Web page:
State Dept Travel Advisory, Office Covid Cases on the Rise, Investment Stable but Blah, S&P’s Indonesia Outlook
Apr 26, 2021 | AmCham Indonesia
Indonesia Included in Negative US Travel Advice
The US State Department has classified Indonesia as Level 4: Do Not Travel in its travel advisory list due to the Covid-19 situation in the country as well as for terrorism and natural disasters. Some 150 countries are classified as Level 4, with the State Department saying it does not reflect the US government’s judgment of health conditions in countries, but rather reflects the adjustments made to the Travel Advisory system to rely more on epidemiological assessments. The travel advisory is not binding and does not prohibit US nationals from traveling.
US Embassy Travel Alert: Indonesian Travel Restrictions May 6-17
The Indonesian government has announced it will restrict domestic travel May 6-17 to reduce the spread of Covid-19, based on Covid-19 Task Force Circular Letter 13/2021 released on April 7, 2021. The regulation limits travel to specific reasons and mandates the use of an entry/exit permit (Surat Izin Keluar Masuk or SIKM) for such travel. Travelers will face delays, cancellations, and more government checkpoints. Those intending to head to Indonesia May 6-17 should contact their airline and travel provider for further details and updates.
The number of Covid-19 cases from office clusters in Jakarta has more than doubled in the past week, with most in offices where people have received the Covid-19 vaccination, the Jakarta government said. From April 12-18, 425 cases in 177 offices were detected, an increase from 157 in 78 offices the previous week. Those who have been vaccinated can still contract and transmit Covid-19 to others, so the government advises offices to continue to abide by health protocols such as wearing a mask, physical distancing, washing hands, avoiding crowds, and reducing mobility.
Bank of America has increased its Environmental Business Initiative target to $1 trillion by 2030, a significant rise from the $300 billion targets set in 2019. This commitment will anchor a broader $1.5 trillion sustainable finance goal through both environmental transition and social inclusive development, spanning business activities across the globe.
“The private sector is well-positioned to ensure that the capital needed – at the scale it is needed – can drive the transition to a low-carbon, sustainable economy,” said Bank of America’s vice chairman Anne Finucane. “We will meet our commitment by working with clients to provide lending, capital raising, advisory and investment services, and to develop financial solutions and drive innovation to ensure the transition to a sustainable economy.”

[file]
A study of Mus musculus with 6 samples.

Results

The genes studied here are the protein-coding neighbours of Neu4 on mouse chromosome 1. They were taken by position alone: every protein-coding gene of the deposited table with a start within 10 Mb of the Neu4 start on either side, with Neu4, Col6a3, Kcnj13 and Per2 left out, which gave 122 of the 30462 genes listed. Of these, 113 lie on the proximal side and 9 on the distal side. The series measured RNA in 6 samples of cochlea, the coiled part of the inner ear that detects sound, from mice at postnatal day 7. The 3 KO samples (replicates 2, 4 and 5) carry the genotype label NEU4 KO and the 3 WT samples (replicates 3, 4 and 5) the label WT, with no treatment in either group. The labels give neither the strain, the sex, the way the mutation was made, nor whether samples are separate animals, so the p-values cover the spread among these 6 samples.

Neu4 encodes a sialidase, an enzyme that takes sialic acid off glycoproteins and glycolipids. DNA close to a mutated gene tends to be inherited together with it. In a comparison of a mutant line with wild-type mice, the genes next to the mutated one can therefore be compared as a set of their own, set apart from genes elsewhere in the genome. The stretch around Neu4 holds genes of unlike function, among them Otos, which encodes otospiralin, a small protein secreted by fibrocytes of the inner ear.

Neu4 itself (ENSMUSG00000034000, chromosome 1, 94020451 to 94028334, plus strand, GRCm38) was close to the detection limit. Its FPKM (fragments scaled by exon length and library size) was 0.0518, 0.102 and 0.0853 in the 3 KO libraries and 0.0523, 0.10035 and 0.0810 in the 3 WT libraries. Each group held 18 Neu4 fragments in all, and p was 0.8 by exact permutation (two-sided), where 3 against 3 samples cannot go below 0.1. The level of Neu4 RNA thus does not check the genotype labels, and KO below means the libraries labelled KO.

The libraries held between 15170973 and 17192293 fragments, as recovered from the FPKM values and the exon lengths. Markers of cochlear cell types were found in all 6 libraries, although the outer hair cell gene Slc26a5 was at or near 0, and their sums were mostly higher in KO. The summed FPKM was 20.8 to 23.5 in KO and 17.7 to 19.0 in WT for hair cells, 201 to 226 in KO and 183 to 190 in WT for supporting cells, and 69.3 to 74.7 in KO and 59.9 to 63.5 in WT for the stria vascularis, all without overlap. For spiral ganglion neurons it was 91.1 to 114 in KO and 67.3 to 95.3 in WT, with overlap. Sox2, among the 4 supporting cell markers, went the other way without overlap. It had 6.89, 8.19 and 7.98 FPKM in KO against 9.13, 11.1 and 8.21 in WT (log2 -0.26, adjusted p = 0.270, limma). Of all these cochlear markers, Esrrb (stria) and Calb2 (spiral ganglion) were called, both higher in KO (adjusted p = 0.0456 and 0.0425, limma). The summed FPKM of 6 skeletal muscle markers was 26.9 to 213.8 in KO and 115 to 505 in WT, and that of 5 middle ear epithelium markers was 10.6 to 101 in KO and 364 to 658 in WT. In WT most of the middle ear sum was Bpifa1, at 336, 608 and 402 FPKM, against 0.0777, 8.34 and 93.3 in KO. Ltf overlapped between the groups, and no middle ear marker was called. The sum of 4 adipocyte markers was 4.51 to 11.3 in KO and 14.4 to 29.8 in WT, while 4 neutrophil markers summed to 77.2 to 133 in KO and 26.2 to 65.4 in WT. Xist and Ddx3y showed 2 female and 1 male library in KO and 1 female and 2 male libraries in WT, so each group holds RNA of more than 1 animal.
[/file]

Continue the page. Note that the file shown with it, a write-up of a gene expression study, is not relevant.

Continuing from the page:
Bank of America’s broader $1.5 trillion sustainable finance target is consistent with the United Nations Sustainable Development Goals (UN SDGs) and will spur transformative change nationally and around the world. Beyond the $1 trillion climate-related finance, the balance of the sustainable finance goal is focused on social inclusive development, scaling capital to advance community development, affordable housing, healthcare, and education, in addition to racial and gender equality.
First Quarter Investment Stabilizing but Below Targets: BKPM
Investment realization in the first quarter of 2021 hit Rp 219.7 trillion, according to Indonesia Investment Coordinating Board (BKPM) chief Bahlil Lahadalia, growing 2.3 percent on a quarter-to-quarter basis, and 4.3 percent year-on-year, while also absorbing 311,793 people in the workforce. However, the number is still far below the targets set by the National Development Planning Agency (Bappenas) and President Joko Widodo of Rp 856 trillion and Rp 900 trillion, respectively. Bahlil said foreign investment is beginning to stabilize, at Rp 111.7 trillion in the first quarter, and domestic investment of Rp 108 trillion.
Standard and Poor's (S&P) maintained Indonesia’s outlook as “Negative” with a BBB rating on April 22. S&P had previously downgraded Indonesia’s outlook from “Stable” to “Negative” on April 17, 2020.
S&P expects Indonesia’s economic growth will accelerate in 2022 due to more Covid-19 vaccinations and the normalization of economic activities. The Omnibus Job Creation Law is also expected to attract foreign investment to support long-term economic growth.
Indonesia was rated BBB and “Stable” by Fitch Ratings and Ba2 and “Stable” by Moody’s. Minister of Finance Sri Mulyani Indrawati said the ratings showcased how Indonesia has maintained its economic performance despite the ongoing pandemic.